Ledecky makes stunning comeback from illness to win gold


Katie Ledecky appeared to have it all wrapped up. With 50m left in the women’s 400m freestyle final at the FINA World Championships in Gwangju on July 21, Ledecky, the American star going for her fourth straight title, was in the lead by 0.62 seconds over Ariarne Titmus of Australia.

It didn’t seem possible that Ledecky, the world record holder in the event, could be caught. But Titmus gave a final spurt that would define a career.

Titmus won the gold in 3:58.76, beating Ledecky by 1.21 in the first and perhaps the biggest upset in the pool. It was that kind of a competition for both Titmus and Ledecky in Gwangju.

With all due respect to athletes in other aquatic sports, swimming remains the king at world championships with the most medals at stake and the most recognizable stars in action.

Before the competition, Titmus might not have garnered much attention, but she left Gwangju as a new star with five medals, including gold in the 400m free and 4x200m freestyle relay. Upsetting Ledecky in the 400m free was Titmus’ crowning achievement.

Ledecky, one of the faces of the sport, was going for a sweep of the 400m, 800m and 1,500m freestyle titles for an unprecedented fourth straight championship.

But the bid was foiled right from the start, and Ledecky came down with a mysterious illness that forced her to withdraw from the 1,500m and 200m free races. Ledecky returned in time to win silver in the 4x200m freestyle relay, and while fighting headaches and nausea, claimed gold in the 800m freestyle on Saturday for her only title.

While Ledecky’s reign at the top of women’s swimming came to an abrupt halt, fellow American Caeleb Dressel continued to rule the men’s competition.

Dressel won six gold medals and two silver medals in Gwangju, falling just one title shy of matching the record total of seven golds for a single competition.

Dressel was hoping to become the first swimmer to win seven titles at back-to-back worlds but ended up taking two silvers in relay events.

Ten world records were set or matched in swimming. Adam Peaty broke his own world record in the 100m breaststroke, clocking 56.88 in the event’s semifinals. He went on to win the gold there later.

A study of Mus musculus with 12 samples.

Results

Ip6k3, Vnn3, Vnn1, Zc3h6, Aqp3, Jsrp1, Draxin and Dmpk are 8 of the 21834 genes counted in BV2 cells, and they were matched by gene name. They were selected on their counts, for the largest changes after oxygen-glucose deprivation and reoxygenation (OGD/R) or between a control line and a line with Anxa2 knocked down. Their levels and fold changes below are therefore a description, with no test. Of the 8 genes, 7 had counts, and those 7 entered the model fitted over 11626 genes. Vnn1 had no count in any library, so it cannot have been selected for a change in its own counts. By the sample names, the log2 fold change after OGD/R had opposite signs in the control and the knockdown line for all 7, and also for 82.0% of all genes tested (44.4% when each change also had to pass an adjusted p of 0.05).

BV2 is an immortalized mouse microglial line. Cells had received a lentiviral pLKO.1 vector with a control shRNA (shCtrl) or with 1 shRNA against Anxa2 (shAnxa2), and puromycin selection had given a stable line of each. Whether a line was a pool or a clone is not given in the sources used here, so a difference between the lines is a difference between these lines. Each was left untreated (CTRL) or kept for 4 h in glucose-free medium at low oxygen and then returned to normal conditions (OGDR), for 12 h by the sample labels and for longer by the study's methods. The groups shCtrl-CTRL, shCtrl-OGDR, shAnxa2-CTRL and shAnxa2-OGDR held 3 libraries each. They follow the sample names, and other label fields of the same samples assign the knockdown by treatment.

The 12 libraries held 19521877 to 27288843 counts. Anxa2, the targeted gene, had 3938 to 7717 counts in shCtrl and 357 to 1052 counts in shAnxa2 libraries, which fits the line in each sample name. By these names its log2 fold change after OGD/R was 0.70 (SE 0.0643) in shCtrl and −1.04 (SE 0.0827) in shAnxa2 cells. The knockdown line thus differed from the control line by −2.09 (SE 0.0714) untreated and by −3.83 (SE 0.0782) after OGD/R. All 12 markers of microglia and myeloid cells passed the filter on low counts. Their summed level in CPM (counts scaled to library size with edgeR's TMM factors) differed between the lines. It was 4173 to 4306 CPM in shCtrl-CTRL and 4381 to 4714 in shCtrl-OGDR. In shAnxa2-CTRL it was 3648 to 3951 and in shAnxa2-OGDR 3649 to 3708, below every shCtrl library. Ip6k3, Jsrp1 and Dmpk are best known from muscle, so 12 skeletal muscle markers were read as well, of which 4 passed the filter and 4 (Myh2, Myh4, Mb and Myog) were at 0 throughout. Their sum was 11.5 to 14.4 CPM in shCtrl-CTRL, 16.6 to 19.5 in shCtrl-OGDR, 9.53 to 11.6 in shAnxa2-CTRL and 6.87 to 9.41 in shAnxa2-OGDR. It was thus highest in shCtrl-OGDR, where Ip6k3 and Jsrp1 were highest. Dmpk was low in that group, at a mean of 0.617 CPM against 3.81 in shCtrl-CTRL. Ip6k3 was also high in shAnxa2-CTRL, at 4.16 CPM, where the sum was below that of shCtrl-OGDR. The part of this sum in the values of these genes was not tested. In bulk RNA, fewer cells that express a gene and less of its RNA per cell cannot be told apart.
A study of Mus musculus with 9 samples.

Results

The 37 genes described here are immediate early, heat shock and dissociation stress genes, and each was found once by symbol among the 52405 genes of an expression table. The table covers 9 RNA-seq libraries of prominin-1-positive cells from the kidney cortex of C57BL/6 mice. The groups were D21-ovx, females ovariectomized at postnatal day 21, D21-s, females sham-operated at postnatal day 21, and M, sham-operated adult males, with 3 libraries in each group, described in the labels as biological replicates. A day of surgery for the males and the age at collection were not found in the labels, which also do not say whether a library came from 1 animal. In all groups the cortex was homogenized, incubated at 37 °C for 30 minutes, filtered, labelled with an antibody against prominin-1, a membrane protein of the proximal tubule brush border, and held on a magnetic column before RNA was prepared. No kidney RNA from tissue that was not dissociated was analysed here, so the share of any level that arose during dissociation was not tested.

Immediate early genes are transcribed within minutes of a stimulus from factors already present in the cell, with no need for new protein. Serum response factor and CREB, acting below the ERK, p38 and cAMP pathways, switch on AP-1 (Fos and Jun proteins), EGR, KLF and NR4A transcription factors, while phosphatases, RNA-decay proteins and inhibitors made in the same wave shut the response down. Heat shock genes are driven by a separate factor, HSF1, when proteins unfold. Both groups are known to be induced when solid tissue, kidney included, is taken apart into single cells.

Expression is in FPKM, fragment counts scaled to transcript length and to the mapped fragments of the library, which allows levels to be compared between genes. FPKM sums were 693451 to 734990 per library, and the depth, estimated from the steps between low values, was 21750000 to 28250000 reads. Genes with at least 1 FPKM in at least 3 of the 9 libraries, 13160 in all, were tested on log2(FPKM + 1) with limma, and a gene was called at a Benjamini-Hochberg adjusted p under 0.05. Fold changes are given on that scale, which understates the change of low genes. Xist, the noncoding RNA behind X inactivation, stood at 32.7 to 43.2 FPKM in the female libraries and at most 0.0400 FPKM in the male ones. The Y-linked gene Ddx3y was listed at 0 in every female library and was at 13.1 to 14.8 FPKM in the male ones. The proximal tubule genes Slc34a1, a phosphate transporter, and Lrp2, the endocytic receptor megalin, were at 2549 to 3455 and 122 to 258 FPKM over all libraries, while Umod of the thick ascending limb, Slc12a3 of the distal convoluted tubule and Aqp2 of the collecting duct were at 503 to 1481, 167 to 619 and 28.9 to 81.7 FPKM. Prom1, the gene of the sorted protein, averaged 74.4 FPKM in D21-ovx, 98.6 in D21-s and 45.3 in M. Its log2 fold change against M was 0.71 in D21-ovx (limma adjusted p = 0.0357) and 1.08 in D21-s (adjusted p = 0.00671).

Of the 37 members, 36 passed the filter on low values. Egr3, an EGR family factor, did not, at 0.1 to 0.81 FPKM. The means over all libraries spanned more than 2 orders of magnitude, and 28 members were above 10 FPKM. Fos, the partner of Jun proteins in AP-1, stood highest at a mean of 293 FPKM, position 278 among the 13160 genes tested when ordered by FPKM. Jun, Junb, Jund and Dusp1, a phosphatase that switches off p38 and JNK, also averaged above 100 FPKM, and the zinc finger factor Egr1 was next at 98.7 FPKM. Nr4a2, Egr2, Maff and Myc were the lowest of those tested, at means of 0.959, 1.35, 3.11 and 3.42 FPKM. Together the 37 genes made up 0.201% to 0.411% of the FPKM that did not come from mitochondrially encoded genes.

Kristof Milak of Hungary shattered Michael Phelps’ world record in the men’s 200m fly with 1:50.73. Phelps’ mark of 1:51.51 had stood for 10 years.

In the men’s 200m breaststroke, Matthew Wilson of Australia equaled Ippei Watanabe’s 2017 record of 2:06.67. Wilson did so in the event’s semifinals last Thursday, and in the final the very next day, Anton Chupkov of Russia improved that record by 0.55 to win the title.

Australia won the women’s 4x200m freestyle relay with a world record time of 7:41.50, breaking the previous mark of 7:42.08 set by China in 2009.

Dressel broke the 100m fly record with 49.50 in the semifinals last Friday, and on the same day, fellow American Regan Smith set the record in the women’s 200m breaststroke with 2:03.35 in the semifinals.

The U.S. mixed 4x100m freestyle relay team won gold last Saturday with 3:19.40, beating the country’s own previous mark by 0.20.

The final two world records in Gwangju came in the very last race of the competition. The U.S. captured the women’s 4x100m medley relay gold in 3:50.40, 1.15 faster than the previous mark. Regan Smith’s opening backstroke leg of 57.57 was also recognized as a world record.

There were other pieces of history made in Gwangju. Katinka Hosszu of Hungary won her fourth consecutive title in the women’s 200m individual medley, becoming the first female swimmer to win a single event at least four straight times. Hosszu then matched her own feat by winning her fourth consecutive 400m medley title.

Federica Pellegrini of Italy won gold in the women’s 200m free for her eighth medal overall, becoming the first swimmer with eight medals in a particular individual event, and Sweden’s Sarah Sjostrom claimed five medals, including her third straight title in the 50m fly.

Swimming, diving and artistic swimming were held in the first week, with China and Russia each coming up one gold medal shy of title sweeps.

China collected 12 out of 13 gold medals in diving. In artistic swimming Russia got the nine out of the 10 titles up for grabs.